Digital Currency Weekly Recap 10-16-2016

digital currency

Digital Currency Weekly Recap 10-16-2016

 

Poland’s Parliament Holds Public Crypto Consultation

The Polish Parliament’s lower chamber recently conducted a public consultation to discuss and examine cryptocurrency and the blockchain. The Sejm held the event in cooperation with the Polish Bitcoin Association, and hosted roughly six dozen legal experts, academics, economists, government officials, and representatives from the crypto industry in an effort to further spark Polish awareness of an involvement with cryptocurrency technology.

In recent months, Poland’s government has been moving forward with its exploration of the technology, and shown signs of being open to encouraging greater crypto innovation within the country’s borders. In late spring, the government had initiated a program designed to explore legal and regulatory solutions to enable digital currency projects to be competitive. Previously, the country’s Digital Affairs Ministry had formally recognized the benefits of using blockchain technology to digitize government-provided services. This latest event offers additional evidence that the Polish government’s continuing interest in the new technologies.


Avalon Life Adopts DASH

Avalon Life, the environmentally-conscious crypto mining company based in Costa Rica, recently revealed that it is focusing its attention on the Dash digital currency. The mining firm will now be actively mining Dash, noting that part of the company’s mission involves supporting such cryptocurrencies in a cost-efficient and ecologically-friendly manner. Avalon Life has attracted attention in recent months for its unique reliance on geothermal and solar powered mining operations – something that admirers have hailed as a more environmentally-sound alternative to traditional crypto mining techniques.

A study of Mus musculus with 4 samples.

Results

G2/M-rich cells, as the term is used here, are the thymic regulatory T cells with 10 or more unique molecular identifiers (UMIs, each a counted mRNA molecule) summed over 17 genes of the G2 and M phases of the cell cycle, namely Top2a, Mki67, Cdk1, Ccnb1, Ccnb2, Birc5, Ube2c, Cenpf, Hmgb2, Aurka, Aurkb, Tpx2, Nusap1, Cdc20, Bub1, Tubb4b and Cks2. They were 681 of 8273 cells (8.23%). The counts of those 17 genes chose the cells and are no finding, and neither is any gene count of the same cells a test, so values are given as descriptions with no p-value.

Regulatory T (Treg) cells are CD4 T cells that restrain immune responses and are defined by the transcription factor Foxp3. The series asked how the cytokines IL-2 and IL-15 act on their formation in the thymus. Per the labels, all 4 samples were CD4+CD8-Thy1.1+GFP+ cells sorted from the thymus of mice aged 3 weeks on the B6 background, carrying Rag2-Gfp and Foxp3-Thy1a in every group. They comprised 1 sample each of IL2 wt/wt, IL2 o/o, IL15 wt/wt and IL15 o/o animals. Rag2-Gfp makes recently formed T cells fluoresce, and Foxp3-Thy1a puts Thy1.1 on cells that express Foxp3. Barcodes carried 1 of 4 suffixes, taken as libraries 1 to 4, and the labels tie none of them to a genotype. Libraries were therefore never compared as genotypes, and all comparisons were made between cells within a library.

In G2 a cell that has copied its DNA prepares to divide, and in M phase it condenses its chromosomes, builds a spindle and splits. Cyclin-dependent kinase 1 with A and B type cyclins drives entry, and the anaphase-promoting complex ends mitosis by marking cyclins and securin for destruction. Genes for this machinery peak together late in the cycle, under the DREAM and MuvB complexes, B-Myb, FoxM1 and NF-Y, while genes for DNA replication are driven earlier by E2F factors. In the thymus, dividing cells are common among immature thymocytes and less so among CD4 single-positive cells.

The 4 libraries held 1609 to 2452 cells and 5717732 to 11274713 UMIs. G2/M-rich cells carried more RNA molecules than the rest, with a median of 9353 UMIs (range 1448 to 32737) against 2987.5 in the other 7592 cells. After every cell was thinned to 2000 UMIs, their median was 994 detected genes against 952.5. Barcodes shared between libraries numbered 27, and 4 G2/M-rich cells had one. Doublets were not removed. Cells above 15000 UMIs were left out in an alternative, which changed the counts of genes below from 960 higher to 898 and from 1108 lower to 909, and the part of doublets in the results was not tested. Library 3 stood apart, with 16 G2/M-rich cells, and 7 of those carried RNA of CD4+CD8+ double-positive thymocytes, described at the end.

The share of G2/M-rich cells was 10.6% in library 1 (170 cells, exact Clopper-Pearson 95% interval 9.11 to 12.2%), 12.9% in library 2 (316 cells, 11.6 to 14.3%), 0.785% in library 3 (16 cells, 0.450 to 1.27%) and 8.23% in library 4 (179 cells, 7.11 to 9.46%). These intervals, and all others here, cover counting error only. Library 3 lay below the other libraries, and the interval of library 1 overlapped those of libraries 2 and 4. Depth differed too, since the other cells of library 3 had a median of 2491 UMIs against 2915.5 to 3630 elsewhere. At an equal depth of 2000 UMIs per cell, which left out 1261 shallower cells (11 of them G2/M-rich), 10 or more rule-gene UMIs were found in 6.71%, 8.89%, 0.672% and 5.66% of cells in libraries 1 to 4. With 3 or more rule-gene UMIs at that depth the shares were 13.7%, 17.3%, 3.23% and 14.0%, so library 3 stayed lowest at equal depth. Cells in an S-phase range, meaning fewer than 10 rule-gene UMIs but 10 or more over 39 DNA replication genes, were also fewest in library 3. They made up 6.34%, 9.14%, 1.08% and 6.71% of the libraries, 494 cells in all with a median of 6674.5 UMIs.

Shake Debit Cards Supporting Dash Top-Ups

A new partnership between Shake and Dash will enable Shake debit card users to top up their balances with the Dash digital currency. Thanks to the partnership, Dash users who have the Shake debit cards will be able to use their Dash as they engage in transactions with merchants accepting both USD and EUR. The move is great news for Dash enthusiasts who want to be able to hold their money in Dash but still be able to spend it with merchants who may not accept digital currencies. The new partnership will make use of the dash InstantSend technology to enable users to top-up their cards in mere moments – something that can help to facilitate more interest in widespread adoption of digital currency around the globe.

Shake users can opt for the physical card that is denominated in either dollars or euros. For those who don’t want to pay the nominal fee associated with the plastic card, a virtual card can be used instead. That virtual option is free, downloadable to an Android mobile phone, and compatible with contactless terminals used by many of today’s merchants.


Zcash to Launch at End of October

A new digital currency called Zcash is scheduled to be unveiled on October 28, 2016. The new cryptocurrency, which is being backed in part by angel investor Roger Ver, intends to challenge Bitcoin’s current role as the premier digital currency offering in the world by focusing on dramatically increased levels of privacy for all transactions. Zcash representatives maintain that this will be accomplished even as the new coin is maintained using a public blockchain that will be independent of the Bitcoin chain. According to information provided by the company, the Zcash system will be designed to conceal the identify of both sender and recipient, as well as all transaction values.

The views expressed by the authors on this site do not necessarily represent the views of DCEBrief or the management team.

Author: Ken Chase

Freelance writer whose interests include topics ranging from technology and finance to politics, fitness, and all things canine. Aspiring polymath, semi-professional skeptic, and passionate advocate for the judicious use of the Oxford comma.